Life Cycle of the
Imported willow leaf beetles overwinter as adults under loose bark
and in protected crevices of host trees. The shiny, black- to
greenish-blue-colored beetles emerge in spring as host trees begin
to leaf out. They feed by chewing holes in the leaves, consuming
leaf veins as well as tissue. After feeding briefly, adult females
lay masses of small, pale yellow eggs on the undersides of the
leaves. The black larvae hatch in a few days, and begin to feed by
skeletonizing the undersides of the leaves.
This means the insects
consume the tissue on the underside of the leaves, but not the leaf
veins. As the larvae mature, they also feed on the upper side of the
leaves. Larvae pupate in three to four weeks. Insects undergo a
complete transformation, from larvae to adult, during pupation.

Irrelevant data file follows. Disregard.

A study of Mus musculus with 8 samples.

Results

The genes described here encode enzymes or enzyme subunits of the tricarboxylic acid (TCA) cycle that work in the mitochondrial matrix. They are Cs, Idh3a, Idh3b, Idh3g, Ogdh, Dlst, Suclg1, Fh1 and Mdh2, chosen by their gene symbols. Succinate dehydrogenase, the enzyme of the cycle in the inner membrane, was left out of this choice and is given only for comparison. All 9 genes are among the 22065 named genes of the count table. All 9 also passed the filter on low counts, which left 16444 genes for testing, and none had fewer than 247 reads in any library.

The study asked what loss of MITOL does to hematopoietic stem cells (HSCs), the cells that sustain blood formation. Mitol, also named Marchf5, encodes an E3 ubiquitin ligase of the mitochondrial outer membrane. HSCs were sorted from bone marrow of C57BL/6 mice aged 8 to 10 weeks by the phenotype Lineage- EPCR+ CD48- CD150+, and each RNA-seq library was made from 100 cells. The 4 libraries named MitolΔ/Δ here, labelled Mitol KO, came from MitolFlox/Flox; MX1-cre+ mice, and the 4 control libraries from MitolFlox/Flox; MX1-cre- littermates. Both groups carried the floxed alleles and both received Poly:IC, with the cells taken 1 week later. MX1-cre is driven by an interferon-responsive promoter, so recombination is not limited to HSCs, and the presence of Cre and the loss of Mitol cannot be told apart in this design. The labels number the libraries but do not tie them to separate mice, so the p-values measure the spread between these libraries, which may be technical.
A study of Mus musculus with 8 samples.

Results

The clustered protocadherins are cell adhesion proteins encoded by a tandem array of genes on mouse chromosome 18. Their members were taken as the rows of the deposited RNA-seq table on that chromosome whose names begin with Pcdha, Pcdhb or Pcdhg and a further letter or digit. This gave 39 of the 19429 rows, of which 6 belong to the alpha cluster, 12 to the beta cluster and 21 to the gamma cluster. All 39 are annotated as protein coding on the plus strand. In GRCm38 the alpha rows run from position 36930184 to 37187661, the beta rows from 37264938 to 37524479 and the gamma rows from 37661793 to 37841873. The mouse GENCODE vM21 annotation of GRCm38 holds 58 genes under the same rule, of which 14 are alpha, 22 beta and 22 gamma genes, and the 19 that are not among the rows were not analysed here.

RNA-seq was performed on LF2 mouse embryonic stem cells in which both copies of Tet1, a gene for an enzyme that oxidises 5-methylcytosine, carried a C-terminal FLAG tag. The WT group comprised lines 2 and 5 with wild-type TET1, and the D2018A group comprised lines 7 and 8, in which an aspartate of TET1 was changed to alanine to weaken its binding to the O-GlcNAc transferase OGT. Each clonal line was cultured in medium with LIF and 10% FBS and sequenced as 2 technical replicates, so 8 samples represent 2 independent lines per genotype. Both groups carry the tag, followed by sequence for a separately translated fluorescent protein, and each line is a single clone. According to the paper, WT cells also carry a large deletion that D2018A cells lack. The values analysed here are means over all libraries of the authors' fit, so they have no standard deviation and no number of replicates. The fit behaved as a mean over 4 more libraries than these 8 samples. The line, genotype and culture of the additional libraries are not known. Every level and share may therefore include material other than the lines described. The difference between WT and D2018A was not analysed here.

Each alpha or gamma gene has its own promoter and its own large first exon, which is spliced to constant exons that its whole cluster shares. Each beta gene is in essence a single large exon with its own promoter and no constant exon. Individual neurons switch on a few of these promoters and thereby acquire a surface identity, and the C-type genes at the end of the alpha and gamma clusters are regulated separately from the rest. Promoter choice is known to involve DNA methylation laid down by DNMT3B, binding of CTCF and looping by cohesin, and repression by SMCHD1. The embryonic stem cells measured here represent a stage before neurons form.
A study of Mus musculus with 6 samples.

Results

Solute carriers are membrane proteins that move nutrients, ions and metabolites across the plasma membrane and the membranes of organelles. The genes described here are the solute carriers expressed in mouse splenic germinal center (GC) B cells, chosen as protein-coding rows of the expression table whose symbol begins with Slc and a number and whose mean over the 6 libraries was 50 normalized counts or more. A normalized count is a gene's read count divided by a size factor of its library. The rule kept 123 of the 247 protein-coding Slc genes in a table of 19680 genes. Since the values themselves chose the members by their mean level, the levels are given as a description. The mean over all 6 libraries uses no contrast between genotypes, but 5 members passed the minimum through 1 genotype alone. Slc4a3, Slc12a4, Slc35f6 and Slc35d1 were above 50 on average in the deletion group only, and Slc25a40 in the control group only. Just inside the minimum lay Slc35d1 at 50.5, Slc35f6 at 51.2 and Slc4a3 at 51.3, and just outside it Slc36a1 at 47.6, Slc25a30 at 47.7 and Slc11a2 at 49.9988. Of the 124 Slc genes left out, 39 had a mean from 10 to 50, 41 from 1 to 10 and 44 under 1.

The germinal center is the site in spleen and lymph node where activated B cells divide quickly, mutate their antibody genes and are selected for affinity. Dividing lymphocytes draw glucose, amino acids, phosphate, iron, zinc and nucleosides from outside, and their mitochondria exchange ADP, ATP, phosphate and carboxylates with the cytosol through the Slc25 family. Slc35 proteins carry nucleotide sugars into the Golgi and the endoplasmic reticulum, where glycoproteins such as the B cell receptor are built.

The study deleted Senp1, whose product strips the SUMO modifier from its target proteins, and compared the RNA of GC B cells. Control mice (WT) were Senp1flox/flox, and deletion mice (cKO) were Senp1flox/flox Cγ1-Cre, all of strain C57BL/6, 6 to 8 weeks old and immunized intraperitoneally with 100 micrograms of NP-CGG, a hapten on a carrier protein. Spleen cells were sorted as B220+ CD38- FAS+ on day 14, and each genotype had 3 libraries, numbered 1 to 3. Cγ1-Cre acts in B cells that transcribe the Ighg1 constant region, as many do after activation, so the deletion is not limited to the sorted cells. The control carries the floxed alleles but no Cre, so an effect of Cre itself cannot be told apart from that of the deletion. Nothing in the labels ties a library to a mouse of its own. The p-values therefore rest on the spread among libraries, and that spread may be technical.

During that time, they do not actively feed, nor or they as
susceptible to control as they are as larvae. We see two or three
generations of imported willow leaf beetles annually.
As is often the case with insects that produce multiple generations
a year, it is most beneficial to obtain good control of the first
generation. That way the second and third generations are much
smaller, easier to control, and cause less damage to the tree.
BioNeem (azadirachtin); Sevin (carbaryl); horticultural oil (larvae
only); pyrethrins and piperonyl butoxide; and Captain Jack’s Dead
Bug Brew (spinosad) are labeled to control imported willow leaf
If your tree is very large, you should hire a certified arborist to
spray it for you. They have the training and equipment to spray the
tree thoroughly and safely. To find a certified arborist near you, log on
International Society of Arboriculture's website.